People tell me when I go to the beach to look at the sunset to try to see a green flash. What is a green flash?
The green flash is an optical phenomenon that you can see shortly after sunset or before sunrise. It happens when the sun is almost entirely below the horizon, with the barest edge of the sun – the upper edge – still visible. For a second or two, that upper rim of the sun will appear green in color. It’s a brief flash of the color green – the legendary green flash. It’s really quite exciting to see, especially if you’ve been looking for one.
It’s said that once you’ve seen a green flash, you’ll never again go wrong in matters of the heart.
How can you see a green flash? Here’s all you need:
- A clear day with no haze or cloud on the horizon.
- A distant horizon – and a distinct edge to the horizon. You can see the green flash from a mountaintop or high building. But it’s most often seen over the ocean, by people on beaches or in boats.
Important tip: Don’t look at the sun until it is nearly entirely below the horizon. If you do, you will dazzle (or damage) your eyes and ruin your green flash chances for that day.
Since you need to know exactly where to look along the horizon, and since most of us aren’t up before dawn, green flashes are most often seen after sunset. But diligent observers can see them before dawn, too. And, although they’re most often seen over the ocean, you can see green flashes over land, too, if your horizon is far enough away.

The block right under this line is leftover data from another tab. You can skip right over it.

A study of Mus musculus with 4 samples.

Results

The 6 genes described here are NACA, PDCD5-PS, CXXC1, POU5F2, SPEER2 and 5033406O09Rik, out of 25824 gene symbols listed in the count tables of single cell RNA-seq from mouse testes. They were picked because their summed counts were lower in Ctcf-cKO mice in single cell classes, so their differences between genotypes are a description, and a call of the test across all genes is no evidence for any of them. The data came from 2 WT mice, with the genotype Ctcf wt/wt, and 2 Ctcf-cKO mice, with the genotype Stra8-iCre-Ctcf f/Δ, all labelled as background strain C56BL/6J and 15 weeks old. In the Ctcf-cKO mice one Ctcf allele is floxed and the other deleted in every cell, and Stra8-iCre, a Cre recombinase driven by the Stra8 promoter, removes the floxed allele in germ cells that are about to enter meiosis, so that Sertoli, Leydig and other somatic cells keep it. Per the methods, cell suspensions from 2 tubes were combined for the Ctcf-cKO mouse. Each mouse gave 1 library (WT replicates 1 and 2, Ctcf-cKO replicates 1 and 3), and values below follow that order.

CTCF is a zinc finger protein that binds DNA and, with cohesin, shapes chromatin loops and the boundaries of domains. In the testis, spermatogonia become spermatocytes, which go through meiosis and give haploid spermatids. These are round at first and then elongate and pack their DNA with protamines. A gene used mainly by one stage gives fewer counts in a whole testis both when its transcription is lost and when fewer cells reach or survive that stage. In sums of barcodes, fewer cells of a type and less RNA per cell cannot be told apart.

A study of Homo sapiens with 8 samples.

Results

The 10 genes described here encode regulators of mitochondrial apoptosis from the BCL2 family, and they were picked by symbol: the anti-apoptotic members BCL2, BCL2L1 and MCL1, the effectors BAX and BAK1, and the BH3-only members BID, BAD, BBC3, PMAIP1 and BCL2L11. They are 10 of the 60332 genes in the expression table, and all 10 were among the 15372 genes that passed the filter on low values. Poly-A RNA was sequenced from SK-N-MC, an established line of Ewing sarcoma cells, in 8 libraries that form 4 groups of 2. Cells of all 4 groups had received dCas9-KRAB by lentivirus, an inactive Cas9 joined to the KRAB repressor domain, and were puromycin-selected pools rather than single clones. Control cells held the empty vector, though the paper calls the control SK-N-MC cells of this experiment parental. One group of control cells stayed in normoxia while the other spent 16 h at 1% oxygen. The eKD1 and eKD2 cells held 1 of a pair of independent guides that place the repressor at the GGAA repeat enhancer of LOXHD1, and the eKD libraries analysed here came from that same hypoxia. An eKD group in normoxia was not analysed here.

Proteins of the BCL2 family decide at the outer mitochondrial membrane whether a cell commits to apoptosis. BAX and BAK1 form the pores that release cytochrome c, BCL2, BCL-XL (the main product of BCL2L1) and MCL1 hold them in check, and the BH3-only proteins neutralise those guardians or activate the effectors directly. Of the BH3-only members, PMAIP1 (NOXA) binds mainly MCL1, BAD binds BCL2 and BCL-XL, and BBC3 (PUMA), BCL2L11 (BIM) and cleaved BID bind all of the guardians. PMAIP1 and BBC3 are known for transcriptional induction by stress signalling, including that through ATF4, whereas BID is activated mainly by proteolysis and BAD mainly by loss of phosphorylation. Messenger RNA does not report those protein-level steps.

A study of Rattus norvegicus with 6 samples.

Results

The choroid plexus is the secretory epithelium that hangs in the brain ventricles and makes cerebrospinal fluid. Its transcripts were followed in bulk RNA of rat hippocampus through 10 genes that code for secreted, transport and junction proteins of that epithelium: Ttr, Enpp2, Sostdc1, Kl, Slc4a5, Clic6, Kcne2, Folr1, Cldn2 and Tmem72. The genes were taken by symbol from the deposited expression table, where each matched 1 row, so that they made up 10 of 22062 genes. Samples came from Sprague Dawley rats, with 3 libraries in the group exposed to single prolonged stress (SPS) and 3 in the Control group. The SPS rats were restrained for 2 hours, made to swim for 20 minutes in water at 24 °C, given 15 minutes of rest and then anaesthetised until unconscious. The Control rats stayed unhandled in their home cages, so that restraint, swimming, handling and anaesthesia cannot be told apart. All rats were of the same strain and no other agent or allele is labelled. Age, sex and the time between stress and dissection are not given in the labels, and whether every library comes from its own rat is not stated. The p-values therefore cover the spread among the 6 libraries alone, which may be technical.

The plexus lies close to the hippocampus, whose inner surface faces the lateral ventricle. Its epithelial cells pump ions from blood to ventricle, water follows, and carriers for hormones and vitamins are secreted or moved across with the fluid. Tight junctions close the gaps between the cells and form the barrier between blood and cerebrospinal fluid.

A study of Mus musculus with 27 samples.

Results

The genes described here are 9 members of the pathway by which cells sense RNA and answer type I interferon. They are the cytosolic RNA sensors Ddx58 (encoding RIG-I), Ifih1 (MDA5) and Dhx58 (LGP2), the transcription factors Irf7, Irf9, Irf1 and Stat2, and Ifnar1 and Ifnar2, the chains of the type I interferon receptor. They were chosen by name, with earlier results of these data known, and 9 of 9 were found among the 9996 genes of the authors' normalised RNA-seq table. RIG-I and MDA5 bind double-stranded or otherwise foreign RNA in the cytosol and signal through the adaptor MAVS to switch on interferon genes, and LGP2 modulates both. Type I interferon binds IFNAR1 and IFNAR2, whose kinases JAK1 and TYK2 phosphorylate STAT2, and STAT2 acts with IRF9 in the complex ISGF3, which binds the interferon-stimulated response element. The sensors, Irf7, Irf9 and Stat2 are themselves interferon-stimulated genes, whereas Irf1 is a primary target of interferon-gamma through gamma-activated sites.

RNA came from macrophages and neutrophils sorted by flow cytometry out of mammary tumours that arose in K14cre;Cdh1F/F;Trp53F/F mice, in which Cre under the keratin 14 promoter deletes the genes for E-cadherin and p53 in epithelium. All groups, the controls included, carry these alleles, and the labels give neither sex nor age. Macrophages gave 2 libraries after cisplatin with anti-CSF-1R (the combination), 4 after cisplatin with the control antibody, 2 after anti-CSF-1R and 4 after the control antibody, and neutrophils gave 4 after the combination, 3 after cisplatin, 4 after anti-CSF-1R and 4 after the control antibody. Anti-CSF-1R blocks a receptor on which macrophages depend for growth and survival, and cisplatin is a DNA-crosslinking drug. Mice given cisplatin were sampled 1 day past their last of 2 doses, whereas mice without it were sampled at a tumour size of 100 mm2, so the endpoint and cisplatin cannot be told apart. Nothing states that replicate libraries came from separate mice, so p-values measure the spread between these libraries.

What is the green ray? The flash can be like a flame that shoots above the horizon. In that case, it’s called a green ray. I’ve seen lots of green flashes, but never a green ray, although I was once walking on a beach in Mexico and turned away just as my companion saw one. I did not find any photos of flamelike green rays (if you know of one, let me know), but the photo below suggests the beginnings of a ray.
What makes a green flash? The green flash is the result of looking at the sun through a greater and greater thickness of atmosphere as you look lower and lower in the sky. Water vapor in the atmosphere absorbs the yellow and orange colors in white sunlight, and air molecules scatter the violet light. That leaves the red and blue-green light to travel directly toward you. Near the horizon, the sun’s light is highly bent or refracted. It’s as though there are two suns – a red one and a blue-green one – partially covering each other. The red one is always closest to the horizon, so when it sets or before it rises, you see only the blue-green disk – the green flash.